5/29/2013

Building a Better Guild – A Tunnel Approach

In his book Building A Supple Leopard: The Ultimate Guide to Resolving Pain, Preventing Injury, and Optimizing Athletic Performance, Kelly Starrett refers to movements as going through a tunnel. He explains when someone goes through the tunnel their starting position is the start of the tunnel, the movement occurs (going through the tunnel), and the ending position is the end of the tunnel. To properly go through the tunnel, the starting position must be proper in the aspects of form and tension to protect athletes from injury. This same methodology can be used when building guild membership as we will see below.

When discussing guild member progression, three main points make up the tunnel approach:
  1. The start of the tunnel occurs when a potential recruit identifies with the guild and chooses to actively want to join the guild.
  2. Movement through the tunnel occurs as a guild member actively participates with the guild.
  3. The end of the tunnel occurs when a member has gained enough experience to become part of the guild’s leadership and guide others.
Three important questions make up an approach to tackle this methodology with any guild or community:
  1. How are we ensuring the proper starting position for new members?
  2. Are guild members progressing and flourishing in the guild?
  3. Are guild leaders in the proper position to lead when given the opportunity?
Entering the Tunnel

When entering the tunnel, it is important that all information pertaining membership is available to the recruit. This is often a guild charter setting the requirements and expectations of members. All guilds should have a publically displayed charter clearly identifying policies and procedures, while leaving little room to the imagination.

Coupled with this charter should be an active orientation program that leads new recruits once accepted through a step-by-step ramp up program. As many players already have experience in guilds, most will quickly adapt to a new guild. This does not mean the ramp-up program should be simplified. On the contrary, not including the most basic of steps can be detrimental for even experienced players.

Guilds should develop a program ensuring the start of the tunnel will allow members to flourish. The program should also include progress checkpoints to evaluate participation and motivation. Truth be told, not everyone joins a guild to be an active participant. Some may join simply to stay with friends from previous games, and some may have devious intentions to gain information for outside gaming entities. Whatever the motivations, progression checkpoints give guild leadership a tool with which to judge new member activity.

Moving Through the Tunnel – Early Exit or Continuing towards Leadership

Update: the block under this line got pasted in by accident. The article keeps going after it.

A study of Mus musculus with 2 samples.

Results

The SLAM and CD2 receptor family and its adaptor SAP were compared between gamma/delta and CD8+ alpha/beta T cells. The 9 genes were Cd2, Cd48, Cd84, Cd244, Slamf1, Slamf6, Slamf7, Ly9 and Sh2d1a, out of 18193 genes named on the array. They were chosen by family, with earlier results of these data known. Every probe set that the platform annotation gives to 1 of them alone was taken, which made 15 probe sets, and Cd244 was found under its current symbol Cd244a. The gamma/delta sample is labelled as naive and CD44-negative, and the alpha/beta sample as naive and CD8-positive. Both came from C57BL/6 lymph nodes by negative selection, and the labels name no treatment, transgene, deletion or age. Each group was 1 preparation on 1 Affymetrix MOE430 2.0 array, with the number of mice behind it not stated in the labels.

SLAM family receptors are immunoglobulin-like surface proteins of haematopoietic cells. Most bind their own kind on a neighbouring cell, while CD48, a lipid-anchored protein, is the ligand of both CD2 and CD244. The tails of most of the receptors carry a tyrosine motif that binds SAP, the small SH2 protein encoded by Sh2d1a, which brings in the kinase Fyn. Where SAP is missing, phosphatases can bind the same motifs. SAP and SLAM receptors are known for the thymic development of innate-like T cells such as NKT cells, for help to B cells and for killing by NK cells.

After reaching milestones proving the new member is committed to the guild and a competent player, focus is shifted to continuing progression and improvement. Encouraging participation and scheduling events is often the primary method of keeping guild members interested. Games themselves provide this medium and guild leaders should use games as a tool to judge continued improvement. Any guild member who believes they are beyond improvement should be watched closely, as they may distract others from improving. No player is perfect, and those who are extremely competent should be helping those who may be struggling. Creating a system to allow this type of mentorship is highly advisable.

Not all members will vie for continuation past this point towards guild leadership. That should not be discouraged – leaders need followers to accomplish goals set by the guild. Those who wish to leave the tunnel early and make their end point as a regular member should be continually encouraged to participate in the community. They should be trained and molded along with those actively seeking leadership positions to ensure the ability to take on a spontaneous role in games when needed.

The Light at the End - Leadership Roles

Because of the approach ensuring a solid start to membership, players with high aptitude rise to the top of the general membership as they progress in their abilities. The solid foundation built during the start, continuing on through general membership and general leadership training ensure those chosen for leadership positions will continue to be a productive member, and not get to the top and find themselves without motivation. One of the most dangerous types of players in a guild or community is one in a stagnated leadership position.
Games generally run their course from six months to multiple years. During this time, it is often appropriate to move members in and out of leadership positions to ensure they get back in the tunnel. This keeps the ideas and communication fresh and exciting, and shows to the rest of the community the continuing product of the tunnel started during recruitment. Many communities do this through elections, others through forced changes, but whatever the methodology, allowing as many people as possible into positions of responsibility keeps motivation high.